This work addresses sickle cell disease (SCD), a hereditary disorder caused by a single gene mutation in the beta-globin gene that produces abnormal hemoglobin and makes red blood cells sickle-shaped. Currently, SCD affects approximately 100,000 Americans and millions of people worldwide. Hydroxyurea (HU) is the most widely used disease-modifying drug for SCD, requiring daily oral doses for individuals with SCD. The main challenges associated with HU treatment are substantial interindividual variability in pharmacokinetic (PK) and pharmacodynamic (PD) profiles, cytotoxicity, and non-adherence.
HU gets cleared from the body within 24 hours, but the drug-related effects manifest on a timescale of days and take months to stabilize. Because of the short lifespan of HU inside the body, existing models have only captured HU trajectory inside the plasma over 24 hours; the relationship between daily drug dosage and the long-term effects of HU was not taken into account. In this work, the HU biomarkers trajectory on a timescale ranging approximately from 1-9 years was modeled for pediatric participants with SCD. In addition, the effect of skipping drug intake on the biomarkers trajectory was investigated to study how different patterns of non-adherence can result in different physiological profiles.
A PK model that captures the temporal changes in the HU concentration in the plasma was developed. The model performance was satisfactory for the clinical PK parameters calculated. The PK model was simulated every day with the given dose as input. The average drug concentration was computed for each day and plugged into the PD models, where drug efficacy alongside drug side effects was studied. For estimating efficacy, the effect of HU on biomarkers - fetal hemoglobin (HbF) and mean cell volume (MCV) was modeled. For HbF, the HbF activation by HU was modeled through an intermediate that directly activates the HbF. For MCV, the erythropoiesis process was modeled to examine the effects of HU on the formation of red blood cells (RBC) and its manifestation in the MCV. The HbF and MCV model performed well for both adherent as well as non-adherent participants, subject to the condition that the dosing profile contains the non-adherent information. Further, the effect of HU on white blood cells (WBC) is a manifestation of its effect on the early precursor cells. Therefore, for capturing myelosuppression, a model for the leukopoiesis process was implemented, which describes the formation of WBC in the blood circulation and how HU affects cells in different stages. For participants showing myelosuppression, the model was able to mimic their response.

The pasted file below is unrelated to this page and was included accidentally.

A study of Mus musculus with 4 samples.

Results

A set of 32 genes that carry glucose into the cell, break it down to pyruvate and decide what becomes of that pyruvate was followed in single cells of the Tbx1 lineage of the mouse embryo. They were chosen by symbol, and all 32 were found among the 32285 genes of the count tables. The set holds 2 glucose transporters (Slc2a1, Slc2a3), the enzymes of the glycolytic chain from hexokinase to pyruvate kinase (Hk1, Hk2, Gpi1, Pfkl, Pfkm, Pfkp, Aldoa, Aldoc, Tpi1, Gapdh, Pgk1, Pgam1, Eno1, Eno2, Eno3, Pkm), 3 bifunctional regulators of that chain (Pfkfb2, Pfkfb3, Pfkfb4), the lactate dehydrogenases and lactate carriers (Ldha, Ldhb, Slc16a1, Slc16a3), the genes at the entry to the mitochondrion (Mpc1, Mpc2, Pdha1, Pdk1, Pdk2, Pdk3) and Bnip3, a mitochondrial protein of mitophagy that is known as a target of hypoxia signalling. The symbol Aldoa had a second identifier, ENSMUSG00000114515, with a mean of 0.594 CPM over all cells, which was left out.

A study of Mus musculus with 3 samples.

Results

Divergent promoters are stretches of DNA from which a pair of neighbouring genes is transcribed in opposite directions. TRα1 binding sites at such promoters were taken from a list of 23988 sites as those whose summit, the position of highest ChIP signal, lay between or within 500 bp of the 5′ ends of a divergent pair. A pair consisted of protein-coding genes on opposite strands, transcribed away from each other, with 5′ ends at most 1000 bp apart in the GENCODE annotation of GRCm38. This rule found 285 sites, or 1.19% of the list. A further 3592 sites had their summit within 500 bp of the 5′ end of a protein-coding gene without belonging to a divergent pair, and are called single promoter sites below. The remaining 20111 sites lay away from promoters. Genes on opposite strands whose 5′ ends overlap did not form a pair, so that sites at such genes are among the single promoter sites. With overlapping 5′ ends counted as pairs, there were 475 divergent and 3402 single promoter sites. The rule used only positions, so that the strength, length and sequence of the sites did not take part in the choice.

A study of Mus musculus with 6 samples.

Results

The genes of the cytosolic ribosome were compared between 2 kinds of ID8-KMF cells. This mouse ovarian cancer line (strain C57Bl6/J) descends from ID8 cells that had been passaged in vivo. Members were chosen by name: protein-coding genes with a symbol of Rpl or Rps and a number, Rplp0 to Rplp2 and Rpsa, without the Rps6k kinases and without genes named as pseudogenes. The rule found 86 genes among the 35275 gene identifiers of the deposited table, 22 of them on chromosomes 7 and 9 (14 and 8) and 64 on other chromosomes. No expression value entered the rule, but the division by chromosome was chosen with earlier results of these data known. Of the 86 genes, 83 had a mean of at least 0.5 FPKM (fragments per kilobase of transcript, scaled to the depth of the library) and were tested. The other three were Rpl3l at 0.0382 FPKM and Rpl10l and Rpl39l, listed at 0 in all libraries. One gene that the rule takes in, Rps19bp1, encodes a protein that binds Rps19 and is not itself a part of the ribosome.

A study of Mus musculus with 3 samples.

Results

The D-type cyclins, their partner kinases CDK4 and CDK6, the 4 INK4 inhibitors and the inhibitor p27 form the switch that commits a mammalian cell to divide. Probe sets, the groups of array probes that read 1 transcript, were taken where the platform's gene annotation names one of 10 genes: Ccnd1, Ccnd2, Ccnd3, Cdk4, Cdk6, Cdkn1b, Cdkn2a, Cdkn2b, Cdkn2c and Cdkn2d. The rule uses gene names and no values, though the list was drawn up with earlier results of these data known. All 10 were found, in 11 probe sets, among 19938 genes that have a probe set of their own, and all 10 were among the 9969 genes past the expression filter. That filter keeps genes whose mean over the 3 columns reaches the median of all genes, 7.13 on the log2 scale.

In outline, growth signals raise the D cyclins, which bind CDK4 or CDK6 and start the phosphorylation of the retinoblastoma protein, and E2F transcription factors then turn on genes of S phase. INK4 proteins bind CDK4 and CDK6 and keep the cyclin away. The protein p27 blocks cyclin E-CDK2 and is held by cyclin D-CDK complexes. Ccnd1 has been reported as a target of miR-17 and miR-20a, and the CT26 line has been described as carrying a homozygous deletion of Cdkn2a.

It was observed that for many participants, the HbF and MCV indicated non-adherence; however, the dosing data did not contain the non-adherence information. The non-adherence in the model was incorporated using a probabilistic algorithm which led to improved model fits. In addition, to see how different forms of non-adherence affect HbF and MCV profiles, non-adherence was imposed in the model. Missing a dose once in a few days over an extended period of time was less harmful when compared to missing a dose continuously for the equivalent number of days. In summary, mathematical models were developed to simulate HU response in participants with SCD and quantify non-adherence, which can eventually help clinicians differentiate treatment inefficacy from non-adherence.
Although HU has been beneficial in improving the life expectancy of individuals with SCD and reducing sickle cell-related complications, there are challenges associated with the management of the drug. The modeling approach presented in this thesis is a key step towards understanding the long-term effects of HU on the patients’ physiology within a shorter timeframe as compared to the clinical studies that can require years of monitoring. The models developed here can be helpful in not only predicting patients’ PK-PD trajectory but also in understanding why some patients respond well while others do not and how the treatment benefit can be maximized for poor responders.